ICASA has postponed the implementation of its regulations on handset subsidies after Vodacom threatened legal action.
ICASA published its Regulations on Handset Subsidies on June 17, stipulating various guidelines regarding mobile contract periods, service provider contracts and transparency regarding fees and discounts.
The regulations call for, amoung other things:
- Mobile operators must provide consumers with the choice of a six-, 12-, 18- or 24-month contract and clearly show the amount by which the handset is subsidised.
- Service providers may no longer charge for the renewal or upgrading of a contract and re-sellers may not charge a connection fee.
- Service providers may offer discounts on tariffs lodged with the authority. Cell C will not be affected though as it already offers contracts for as short a period as one month.
- Vodacom, MTN and their re-sellers must now indicate the subsidiary and monetary value of their services, including the price of the handsets.
- Contracts must be transparent and easy to understand, including the billing for free and charged airtime.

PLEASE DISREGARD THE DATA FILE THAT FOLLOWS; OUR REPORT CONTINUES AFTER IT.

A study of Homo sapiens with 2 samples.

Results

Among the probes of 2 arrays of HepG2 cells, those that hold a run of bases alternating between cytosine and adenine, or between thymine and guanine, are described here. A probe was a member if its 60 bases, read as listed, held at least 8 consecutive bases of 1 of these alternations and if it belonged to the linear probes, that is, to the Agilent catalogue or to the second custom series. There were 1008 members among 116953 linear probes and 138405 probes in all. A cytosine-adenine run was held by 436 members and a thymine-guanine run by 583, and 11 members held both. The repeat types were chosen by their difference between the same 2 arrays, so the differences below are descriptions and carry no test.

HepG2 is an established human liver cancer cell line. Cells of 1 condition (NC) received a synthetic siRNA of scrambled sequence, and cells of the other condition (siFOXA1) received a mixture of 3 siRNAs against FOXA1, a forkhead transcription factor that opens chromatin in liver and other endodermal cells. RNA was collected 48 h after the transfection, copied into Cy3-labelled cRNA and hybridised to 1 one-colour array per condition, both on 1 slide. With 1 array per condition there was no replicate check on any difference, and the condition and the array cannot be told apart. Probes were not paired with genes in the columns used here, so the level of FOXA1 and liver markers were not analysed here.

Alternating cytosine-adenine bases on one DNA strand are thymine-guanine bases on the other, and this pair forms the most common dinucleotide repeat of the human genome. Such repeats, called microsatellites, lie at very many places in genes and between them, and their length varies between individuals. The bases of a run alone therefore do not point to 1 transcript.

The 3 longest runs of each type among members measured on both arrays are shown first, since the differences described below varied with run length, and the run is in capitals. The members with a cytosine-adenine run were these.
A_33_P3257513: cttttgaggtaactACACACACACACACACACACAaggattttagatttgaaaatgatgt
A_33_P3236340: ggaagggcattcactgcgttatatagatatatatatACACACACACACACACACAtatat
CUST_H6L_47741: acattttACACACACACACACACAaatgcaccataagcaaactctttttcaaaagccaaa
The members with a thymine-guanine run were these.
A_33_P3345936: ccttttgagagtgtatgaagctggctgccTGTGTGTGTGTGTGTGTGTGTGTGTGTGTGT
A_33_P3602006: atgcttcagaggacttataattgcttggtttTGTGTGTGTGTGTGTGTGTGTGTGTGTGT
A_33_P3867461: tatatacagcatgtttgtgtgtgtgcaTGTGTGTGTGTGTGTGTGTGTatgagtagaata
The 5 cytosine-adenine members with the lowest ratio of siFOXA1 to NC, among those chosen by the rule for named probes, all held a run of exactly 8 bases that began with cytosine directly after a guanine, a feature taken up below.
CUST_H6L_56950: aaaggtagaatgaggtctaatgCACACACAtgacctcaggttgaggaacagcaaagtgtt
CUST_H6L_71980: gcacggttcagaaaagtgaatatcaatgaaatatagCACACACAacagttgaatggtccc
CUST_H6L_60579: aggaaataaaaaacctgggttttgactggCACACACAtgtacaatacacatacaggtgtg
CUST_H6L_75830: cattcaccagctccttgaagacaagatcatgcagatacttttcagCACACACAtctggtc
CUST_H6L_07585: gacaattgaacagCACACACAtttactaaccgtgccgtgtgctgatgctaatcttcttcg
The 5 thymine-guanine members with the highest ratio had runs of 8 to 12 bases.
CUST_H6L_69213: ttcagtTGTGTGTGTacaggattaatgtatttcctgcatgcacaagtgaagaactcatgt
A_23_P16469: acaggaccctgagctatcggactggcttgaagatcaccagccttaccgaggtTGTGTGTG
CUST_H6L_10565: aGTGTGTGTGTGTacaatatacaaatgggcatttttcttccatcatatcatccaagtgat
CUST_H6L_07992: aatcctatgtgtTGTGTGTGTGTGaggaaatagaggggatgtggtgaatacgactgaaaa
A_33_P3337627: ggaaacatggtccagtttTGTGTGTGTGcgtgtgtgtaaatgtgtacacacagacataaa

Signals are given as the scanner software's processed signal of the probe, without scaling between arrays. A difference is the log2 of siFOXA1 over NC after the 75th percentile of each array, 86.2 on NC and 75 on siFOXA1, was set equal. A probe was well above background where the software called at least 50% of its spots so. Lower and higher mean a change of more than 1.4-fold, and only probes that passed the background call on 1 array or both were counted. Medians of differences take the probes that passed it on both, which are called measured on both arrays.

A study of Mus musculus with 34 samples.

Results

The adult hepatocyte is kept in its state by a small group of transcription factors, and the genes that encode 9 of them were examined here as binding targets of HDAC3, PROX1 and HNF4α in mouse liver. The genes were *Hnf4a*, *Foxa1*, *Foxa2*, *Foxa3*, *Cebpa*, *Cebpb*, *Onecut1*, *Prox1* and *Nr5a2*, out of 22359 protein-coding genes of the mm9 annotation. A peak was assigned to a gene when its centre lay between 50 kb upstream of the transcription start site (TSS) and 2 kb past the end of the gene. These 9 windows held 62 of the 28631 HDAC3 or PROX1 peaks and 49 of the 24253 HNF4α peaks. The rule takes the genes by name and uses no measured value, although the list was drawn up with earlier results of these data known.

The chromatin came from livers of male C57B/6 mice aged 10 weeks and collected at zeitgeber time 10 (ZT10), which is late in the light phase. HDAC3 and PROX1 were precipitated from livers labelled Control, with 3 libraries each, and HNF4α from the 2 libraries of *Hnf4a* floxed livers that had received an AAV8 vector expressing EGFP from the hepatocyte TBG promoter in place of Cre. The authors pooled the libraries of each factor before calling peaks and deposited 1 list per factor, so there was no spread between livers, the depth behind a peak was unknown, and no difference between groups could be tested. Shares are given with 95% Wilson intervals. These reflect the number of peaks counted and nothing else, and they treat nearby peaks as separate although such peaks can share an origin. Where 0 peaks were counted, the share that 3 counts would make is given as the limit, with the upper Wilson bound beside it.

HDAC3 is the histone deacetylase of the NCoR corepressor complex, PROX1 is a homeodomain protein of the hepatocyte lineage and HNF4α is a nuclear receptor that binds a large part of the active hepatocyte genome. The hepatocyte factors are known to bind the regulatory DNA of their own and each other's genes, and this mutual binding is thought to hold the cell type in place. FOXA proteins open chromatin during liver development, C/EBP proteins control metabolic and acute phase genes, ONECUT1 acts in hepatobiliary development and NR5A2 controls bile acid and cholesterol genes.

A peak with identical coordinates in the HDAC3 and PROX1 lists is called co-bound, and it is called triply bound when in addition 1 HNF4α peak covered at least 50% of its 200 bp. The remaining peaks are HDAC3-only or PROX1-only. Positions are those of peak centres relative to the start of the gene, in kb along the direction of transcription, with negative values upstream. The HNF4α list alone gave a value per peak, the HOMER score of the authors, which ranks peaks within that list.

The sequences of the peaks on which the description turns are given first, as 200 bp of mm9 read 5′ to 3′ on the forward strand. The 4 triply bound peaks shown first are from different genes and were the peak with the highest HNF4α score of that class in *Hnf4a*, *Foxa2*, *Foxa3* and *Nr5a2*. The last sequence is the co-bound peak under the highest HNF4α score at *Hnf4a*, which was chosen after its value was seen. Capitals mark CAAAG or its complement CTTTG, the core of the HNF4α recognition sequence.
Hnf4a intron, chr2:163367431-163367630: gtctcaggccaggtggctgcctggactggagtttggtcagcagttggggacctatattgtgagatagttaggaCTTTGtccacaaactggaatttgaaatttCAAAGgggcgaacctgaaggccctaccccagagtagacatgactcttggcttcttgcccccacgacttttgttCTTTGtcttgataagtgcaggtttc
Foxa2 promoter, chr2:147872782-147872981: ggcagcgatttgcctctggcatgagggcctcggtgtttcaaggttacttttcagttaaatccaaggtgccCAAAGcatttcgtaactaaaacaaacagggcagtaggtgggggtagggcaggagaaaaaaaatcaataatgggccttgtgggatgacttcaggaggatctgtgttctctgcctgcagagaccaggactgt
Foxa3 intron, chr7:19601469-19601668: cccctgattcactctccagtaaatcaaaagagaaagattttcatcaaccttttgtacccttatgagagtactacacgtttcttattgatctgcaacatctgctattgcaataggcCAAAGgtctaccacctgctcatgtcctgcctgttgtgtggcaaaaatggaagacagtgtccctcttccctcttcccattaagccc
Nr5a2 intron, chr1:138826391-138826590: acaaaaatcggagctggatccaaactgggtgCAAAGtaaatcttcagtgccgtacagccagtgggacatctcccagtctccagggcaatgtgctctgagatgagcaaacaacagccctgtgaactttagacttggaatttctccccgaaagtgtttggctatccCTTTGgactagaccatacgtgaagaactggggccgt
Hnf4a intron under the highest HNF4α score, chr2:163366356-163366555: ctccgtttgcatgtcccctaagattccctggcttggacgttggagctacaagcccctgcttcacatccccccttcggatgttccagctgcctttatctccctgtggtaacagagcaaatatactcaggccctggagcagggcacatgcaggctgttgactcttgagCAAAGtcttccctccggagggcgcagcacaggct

- Consumers must be informed every month of their remaining installments and what amount of the subsidy is still outstanding as well as what they would be liable to pay should they choose to cancel their contract.
- Such subscribers may not be charged exorbitant "cancellation" fees and must be informed of free airtime still available to them.
The regulations were set to become effective two months after the publication of the regulations on June 17, hence the deadline of August 17, 2008.
Vodacom was however unhappy with the content of some of the regulations. The cellular provider indicated that while due process was followed with issues pertaining to handsets, the final regulations contained other guidelines falling outside of the area of handset subsidies which Vodacom was not given the opportunity to comment on.
Vodacom said that it has no problem with the regulations which deal with handset subsidies, but is not happy that other issues, which do not relate directly to handset subsidies and where Vodacom and other parties were not given the opportunity to comment, were included in the regulations.
Vodacom subsequently launched an urgent application in the Witwatersrand Local Division to set aside the regulations on Handset Subsidies as published on June 17, 2008.
After this legal action ICASA responded by withdrawing the August 17 deadline, pushing the date when the regulations will become affective back to February 2009.
It is not clear whether ICASA will remove the parts of the regulations which do not pertain directly to handset policies or whether they will open the process up again to ask for comment on these matters.